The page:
At least 1 skier killed, 2 injured after avalanches near Whistler

Police now say two avalanches near Whistler are responsible for injuring two skiers and killing another.

RCMP say conditions are unstable in Sea-to-Sky region right now and avalanche preparation is key

Two skiers were injured and one was killed after an avalanche off Blackcomb Glacier on Friday. (Submitted by: B.C. Emergency Health Services)

At least one skier has died and two were injured in two avalanches near Whistler, B.C., on Friday, according to RCMP.

Mounties received word that multiple skiers had been swept up in one avalanche in the Poop Chutes off Blackcomb Glacier at around 3:20 p.m., according to a police press release. The avalanche was categorized as a Size 3, which means it was big enough to bury a car or destroy a house.

Searchers were able to locate four people in the area after the slide, and have since discovered that the area was struck by not one but two avalanches.

One person was hurt in the Poop Chutes avalanche, one was pronounced dead by a local doctor and a third was uninjured. Rescuers now say that smaller avalanche happened a bit earlier on the Phalanx close to the Spierhead Glacier, leaving another skier with serious injuries.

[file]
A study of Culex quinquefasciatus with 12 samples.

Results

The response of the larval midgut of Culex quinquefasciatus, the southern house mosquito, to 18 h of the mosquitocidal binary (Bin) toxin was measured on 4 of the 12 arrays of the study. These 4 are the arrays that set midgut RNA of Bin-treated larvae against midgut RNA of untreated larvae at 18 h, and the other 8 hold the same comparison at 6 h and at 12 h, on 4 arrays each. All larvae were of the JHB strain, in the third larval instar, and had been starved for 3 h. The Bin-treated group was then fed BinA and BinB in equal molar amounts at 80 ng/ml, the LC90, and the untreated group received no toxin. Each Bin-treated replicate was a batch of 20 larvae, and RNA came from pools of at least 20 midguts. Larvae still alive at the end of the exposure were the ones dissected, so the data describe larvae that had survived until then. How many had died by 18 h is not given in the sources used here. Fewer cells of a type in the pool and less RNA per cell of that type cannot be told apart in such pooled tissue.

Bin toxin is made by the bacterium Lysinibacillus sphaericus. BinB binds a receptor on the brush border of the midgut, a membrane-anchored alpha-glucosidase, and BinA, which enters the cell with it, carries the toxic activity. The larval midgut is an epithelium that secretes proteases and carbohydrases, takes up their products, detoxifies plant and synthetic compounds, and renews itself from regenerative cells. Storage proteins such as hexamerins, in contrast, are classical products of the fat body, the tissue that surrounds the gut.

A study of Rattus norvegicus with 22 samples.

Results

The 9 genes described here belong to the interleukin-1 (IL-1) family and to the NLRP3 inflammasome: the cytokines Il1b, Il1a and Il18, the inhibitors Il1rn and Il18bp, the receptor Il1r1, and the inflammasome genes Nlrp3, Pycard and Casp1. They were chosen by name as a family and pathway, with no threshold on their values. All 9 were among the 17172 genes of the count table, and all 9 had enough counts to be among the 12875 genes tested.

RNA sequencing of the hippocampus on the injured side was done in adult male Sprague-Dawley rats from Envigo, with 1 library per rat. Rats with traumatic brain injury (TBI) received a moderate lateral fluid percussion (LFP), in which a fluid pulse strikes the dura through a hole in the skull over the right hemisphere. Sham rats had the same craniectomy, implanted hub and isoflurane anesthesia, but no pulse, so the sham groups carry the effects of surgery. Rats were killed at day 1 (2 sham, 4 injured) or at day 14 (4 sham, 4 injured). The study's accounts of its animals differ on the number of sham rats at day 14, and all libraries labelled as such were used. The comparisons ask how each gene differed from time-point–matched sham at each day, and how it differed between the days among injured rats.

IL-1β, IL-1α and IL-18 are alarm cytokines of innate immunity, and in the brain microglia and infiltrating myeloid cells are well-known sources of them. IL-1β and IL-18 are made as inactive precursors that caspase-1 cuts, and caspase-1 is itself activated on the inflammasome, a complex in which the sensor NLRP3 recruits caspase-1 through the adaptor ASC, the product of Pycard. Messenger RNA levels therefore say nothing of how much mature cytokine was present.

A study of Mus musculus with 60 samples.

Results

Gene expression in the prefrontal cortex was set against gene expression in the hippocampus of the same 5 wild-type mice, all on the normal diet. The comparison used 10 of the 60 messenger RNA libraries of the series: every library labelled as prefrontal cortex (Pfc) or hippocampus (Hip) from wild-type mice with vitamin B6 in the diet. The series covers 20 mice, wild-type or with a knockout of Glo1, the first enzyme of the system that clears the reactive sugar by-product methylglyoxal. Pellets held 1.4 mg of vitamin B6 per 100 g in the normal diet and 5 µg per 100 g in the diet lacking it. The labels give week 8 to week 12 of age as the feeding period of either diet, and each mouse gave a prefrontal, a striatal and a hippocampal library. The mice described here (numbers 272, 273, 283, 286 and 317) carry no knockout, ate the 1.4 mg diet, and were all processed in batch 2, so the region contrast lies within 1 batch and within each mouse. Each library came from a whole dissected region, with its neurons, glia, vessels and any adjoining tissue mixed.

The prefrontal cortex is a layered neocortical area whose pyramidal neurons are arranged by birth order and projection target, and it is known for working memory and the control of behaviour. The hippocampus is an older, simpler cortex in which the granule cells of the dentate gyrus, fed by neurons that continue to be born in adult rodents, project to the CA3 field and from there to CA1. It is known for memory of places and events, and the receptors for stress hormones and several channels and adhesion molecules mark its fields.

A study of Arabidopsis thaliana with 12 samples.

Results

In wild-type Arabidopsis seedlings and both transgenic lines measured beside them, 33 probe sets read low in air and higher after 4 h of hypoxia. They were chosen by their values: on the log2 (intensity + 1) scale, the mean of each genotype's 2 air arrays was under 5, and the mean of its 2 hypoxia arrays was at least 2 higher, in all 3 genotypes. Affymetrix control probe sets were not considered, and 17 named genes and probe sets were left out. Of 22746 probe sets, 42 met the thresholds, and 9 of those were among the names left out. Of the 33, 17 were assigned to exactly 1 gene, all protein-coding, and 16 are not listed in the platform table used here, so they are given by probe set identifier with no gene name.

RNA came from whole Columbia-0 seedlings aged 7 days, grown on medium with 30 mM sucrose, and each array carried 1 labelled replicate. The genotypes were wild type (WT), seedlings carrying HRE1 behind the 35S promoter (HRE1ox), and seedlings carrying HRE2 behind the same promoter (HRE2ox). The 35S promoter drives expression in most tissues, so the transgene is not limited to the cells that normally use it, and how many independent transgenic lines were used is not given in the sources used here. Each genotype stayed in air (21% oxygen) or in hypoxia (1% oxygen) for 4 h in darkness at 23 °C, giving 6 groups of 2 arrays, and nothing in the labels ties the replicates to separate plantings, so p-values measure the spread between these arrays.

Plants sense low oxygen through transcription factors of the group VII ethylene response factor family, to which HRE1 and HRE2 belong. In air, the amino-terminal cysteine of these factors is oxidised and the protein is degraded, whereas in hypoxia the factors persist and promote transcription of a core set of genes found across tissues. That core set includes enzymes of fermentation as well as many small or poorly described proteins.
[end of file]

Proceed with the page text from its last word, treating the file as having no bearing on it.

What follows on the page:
Police, ski patrol members from Whistler Blackcomb Ski Resort, Blackcomb Helicopters and avalanche technicians all remained on the scene to determine if anyone else was swept away.

Including Friday's incidents, skiers in the Sea-to-Sky region have been caught in three avalanches in just two days. A person was injured on Thursday after a slide in the backcountry at Garibaldi Provincial Park.

"We have said this multiple times already this year, the snowpack in the backcountry of the Sea-to-Sky is unstable and is subject to considerable and high avalanche risks," RCMP Sgt. Sascha Banks said in a news release.

"I cannot stress enough that you need appropriate avalanche equipment, train how to use it, recognize risk, and have up to date beacons/transceivers and that you know how to use them."

She said anyone heading into the backcountry right now needs to check the conditions with Avalanche Canada first, and consider cancelling their adventure.

Police are asking anyone with information about people who may have been skiing on the backside of Blackcomb Glacier on Friday to call Whistler RCMP at 604-932-3044.